Last update: August 23rd, 2019 at 5:00 pm
An astronaut on the International Space Station used a long lens to shoot this photograph of the complex shoreline near the Linta River delta in southern Madagascar. Waves break far offshore (2.25 kilometers or 1.4 miles) against a long line of coral reefs. A gap in the reef indicates where the river once flowed during ancient times of lower sea level, when the shoreline was far to the southwest from its present position.
The Linta River was barely flowing when this image was taken during the winter dry season. The beach completely blocks the mouths of the delta. (In contrast, a recent flood slightly to the north showed red sediment being transported far out to sea, as seen in another image captured by astronauts.) Waves breaking on this beach distribute a tongue of reddish river mud—derived from the Linta sediment—well beyond the reef into the Mozambique Channel. Tendrils of dark, clearer water can be seen exiting the bay near the mangrove wetlands.
Up and down the shoreline, light-toned dunes cast shadows in the late afternoon sun. Winds build the sand dunes by blowing sand out of the Linta River bed. The bigger dune field (right) is also fed by sand moving from another delta (out of the picture to the right). Just inland, numerous blocky agricultural fields occupy earlier dune fields.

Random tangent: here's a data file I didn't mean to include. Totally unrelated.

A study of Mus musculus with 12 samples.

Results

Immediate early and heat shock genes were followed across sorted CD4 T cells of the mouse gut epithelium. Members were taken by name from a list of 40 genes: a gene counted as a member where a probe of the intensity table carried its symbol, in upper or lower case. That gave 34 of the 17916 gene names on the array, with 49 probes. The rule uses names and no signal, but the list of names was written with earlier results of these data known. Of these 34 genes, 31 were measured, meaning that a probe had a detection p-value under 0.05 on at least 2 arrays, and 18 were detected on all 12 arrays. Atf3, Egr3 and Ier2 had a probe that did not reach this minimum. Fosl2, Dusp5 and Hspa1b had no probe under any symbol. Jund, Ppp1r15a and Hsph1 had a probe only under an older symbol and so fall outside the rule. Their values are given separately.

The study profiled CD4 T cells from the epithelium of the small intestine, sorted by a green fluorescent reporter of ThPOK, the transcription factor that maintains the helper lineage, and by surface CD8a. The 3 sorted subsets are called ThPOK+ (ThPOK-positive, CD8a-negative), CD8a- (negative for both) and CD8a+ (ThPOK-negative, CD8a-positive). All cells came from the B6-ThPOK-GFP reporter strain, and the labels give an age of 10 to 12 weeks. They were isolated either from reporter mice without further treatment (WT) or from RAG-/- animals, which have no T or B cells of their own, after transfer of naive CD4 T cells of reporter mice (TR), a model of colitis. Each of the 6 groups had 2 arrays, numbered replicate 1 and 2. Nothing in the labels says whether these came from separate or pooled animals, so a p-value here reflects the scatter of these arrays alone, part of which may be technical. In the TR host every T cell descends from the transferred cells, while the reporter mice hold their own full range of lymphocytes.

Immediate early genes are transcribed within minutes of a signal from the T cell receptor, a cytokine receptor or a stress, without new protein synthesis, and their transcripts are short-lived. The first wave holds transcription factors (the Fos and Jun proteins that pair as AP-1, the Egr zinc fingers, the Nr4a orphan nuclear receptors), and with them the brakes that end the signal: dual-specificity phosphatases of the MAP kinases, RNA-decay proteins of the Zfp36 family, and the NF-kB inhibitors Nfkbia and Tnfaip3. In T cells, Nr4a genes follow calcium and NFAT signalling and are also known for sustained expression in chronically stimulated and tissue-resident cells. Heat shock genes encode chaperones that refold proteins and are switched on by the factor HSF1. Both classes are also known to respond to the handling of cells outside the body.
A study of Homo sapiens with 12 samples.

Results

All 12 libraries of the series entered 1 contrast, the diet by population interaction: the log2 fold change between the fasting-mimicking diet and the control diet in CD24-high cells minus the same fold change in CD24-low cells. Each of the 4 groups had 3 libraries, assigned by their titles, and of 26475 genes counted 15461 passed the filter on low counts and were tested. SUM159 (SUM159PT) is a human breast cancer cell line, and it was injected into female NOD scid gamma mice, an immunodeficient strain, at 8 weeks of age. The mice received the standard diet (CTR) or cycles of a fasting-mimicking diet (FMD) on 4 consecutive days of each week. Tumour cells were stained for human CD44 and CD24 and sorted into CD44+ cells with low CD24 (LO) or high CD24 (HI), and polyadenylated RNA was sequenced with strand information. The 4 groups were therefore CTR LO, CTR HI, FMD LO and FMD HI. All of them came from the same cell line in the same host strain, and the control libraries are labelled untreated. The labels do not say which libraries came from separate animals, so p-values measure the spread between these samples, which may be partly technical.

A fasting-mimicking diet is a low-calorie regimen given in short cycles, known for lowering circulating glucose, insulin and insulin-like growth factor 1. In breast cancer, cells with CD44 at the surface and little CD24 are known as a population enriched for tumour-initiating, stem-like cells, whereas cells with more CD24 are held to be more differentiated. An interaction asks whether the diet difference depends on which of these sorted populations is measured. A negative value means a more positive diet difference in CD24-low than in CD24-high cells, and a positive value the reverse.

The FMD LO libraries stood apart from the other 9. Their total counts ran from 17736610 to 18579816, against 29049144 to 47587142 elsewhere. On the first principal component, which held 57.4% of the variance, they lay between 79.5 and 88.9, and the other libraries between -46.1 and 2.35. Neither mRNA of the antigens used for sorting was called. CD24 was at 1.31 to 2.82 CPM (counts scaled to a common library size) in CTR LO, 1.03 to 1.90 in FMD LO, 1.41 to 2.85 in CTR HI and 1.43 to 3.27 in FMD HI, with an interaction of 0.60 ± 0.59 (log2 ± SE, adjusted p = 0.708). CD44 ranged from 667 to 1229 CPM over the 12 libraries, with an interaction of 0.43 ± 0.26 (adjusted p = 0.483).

Astronaut photograph ISS044-E-27240 was acquired on August 1, 2015, with a Nikon D4 digital camera using an 1150 millimeter lens, and is provided by the ISS Crew Earth Observations Facility and the Earth Science and Remote Sensing Unit, Johnson Space Center. The image was taken by a member of the Expedition 44 crew. The image has been cropped and enhanced to improve contrast, and lens artifacts have been removed. The International Space Station Program supports the laboratory as part of the ISS National Lab to help astronauts take pictures of Earth that will be of the greatest value to scientists and the public, and to make those images freely available on the Internet. Additional images taken by astronauts and cosmonauts can be viewed at the NASA/JSC Gateway to Astronaut Photography of Earth. Caption by M. Justin Wilkinson, Texas State University, Jacobs Contract at NASA-JSC.